Volatility Ahead road sign.
September 21, 2020

Milk-Feed Margins Could Be Stressed This Fall and Winter

 |  By: Jim Dickrell

Milk-feed margins could be stressed this fall and winter as both milk and feed remain highly volatile due to the COVID-19 pandemic, weather and export challenges, says Dan Basse, president of AgResources Company based in Chicago, Ill.

Basse spoke recently during a Professional Dairy Producers of Wisconsin Dairy Signal podcast.

He notes that a recent survey by the U.S. Restaurant Association shows that upwards of 100,000 restaurants have or will close this past summer and into fall due to the pandemic. The Association also speculates that another 40% of restaurants could be subject to closure next spring due to low traffic levels brought on the pandemic over the winter months.

This means that upwards of 50% of U.S. restaurants could eventually succumb to the pandemic. “That would be a body blow to butter and high-end cheese demand,” says Basse. That would stress cheese markets but severely test Class IV markets next spring.

And at some point, the U.S. government will also step down its government assistance in food buying and direct payments to dairy farmers.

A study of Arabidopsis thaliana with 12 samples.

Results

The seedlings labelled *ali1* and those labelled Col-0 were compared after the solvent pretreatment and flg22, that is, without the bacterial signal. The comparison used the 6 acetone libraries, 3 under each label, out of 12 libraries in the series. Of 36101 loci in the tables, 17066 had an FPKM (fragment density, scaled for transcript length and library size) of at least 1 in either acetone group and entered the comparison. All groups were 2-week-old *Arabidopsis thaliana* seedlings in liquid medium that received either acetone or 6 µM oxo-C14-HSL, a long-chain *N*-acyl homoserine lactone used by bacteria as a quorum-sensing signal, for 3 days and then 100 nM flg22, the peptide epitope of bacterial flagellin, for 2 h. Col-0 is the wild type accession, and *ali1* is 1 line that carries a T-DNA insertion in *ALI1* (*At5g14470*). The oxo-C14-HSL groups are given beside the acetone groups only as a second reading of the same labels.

Slaughter rates of cull cows are also nearly 100,000 cows below the levels of the past few years. “Normally, slaughter rates step up in September and October, but farmers are keeping cows back,” Basse says. “There is likely more milk to come.”

The other problem is feed prices. Corn is rallying faster than milk. “You can still make money, but you have to be protected and you have to watch your costs very carefully,” he says. 

U.S. corn production could be near record levels this year, projected at 14.9 billion bushels, which would normally bode well for feed prices. (The record came in 2016 at 15.2 billion bushels.) But China might be gearing up to purchase significant amounts of corn (they are already buying shiploads of soybeans) since corn prices there exceed $9/bu in some provinces heavily impacted by typhoons and flooding.

Basse’s bottom line: “You have to have a plan to accommodate these market conditions.”

You can view all of Basse’s 49-minute podcast on the PDPW Dairy Signal here.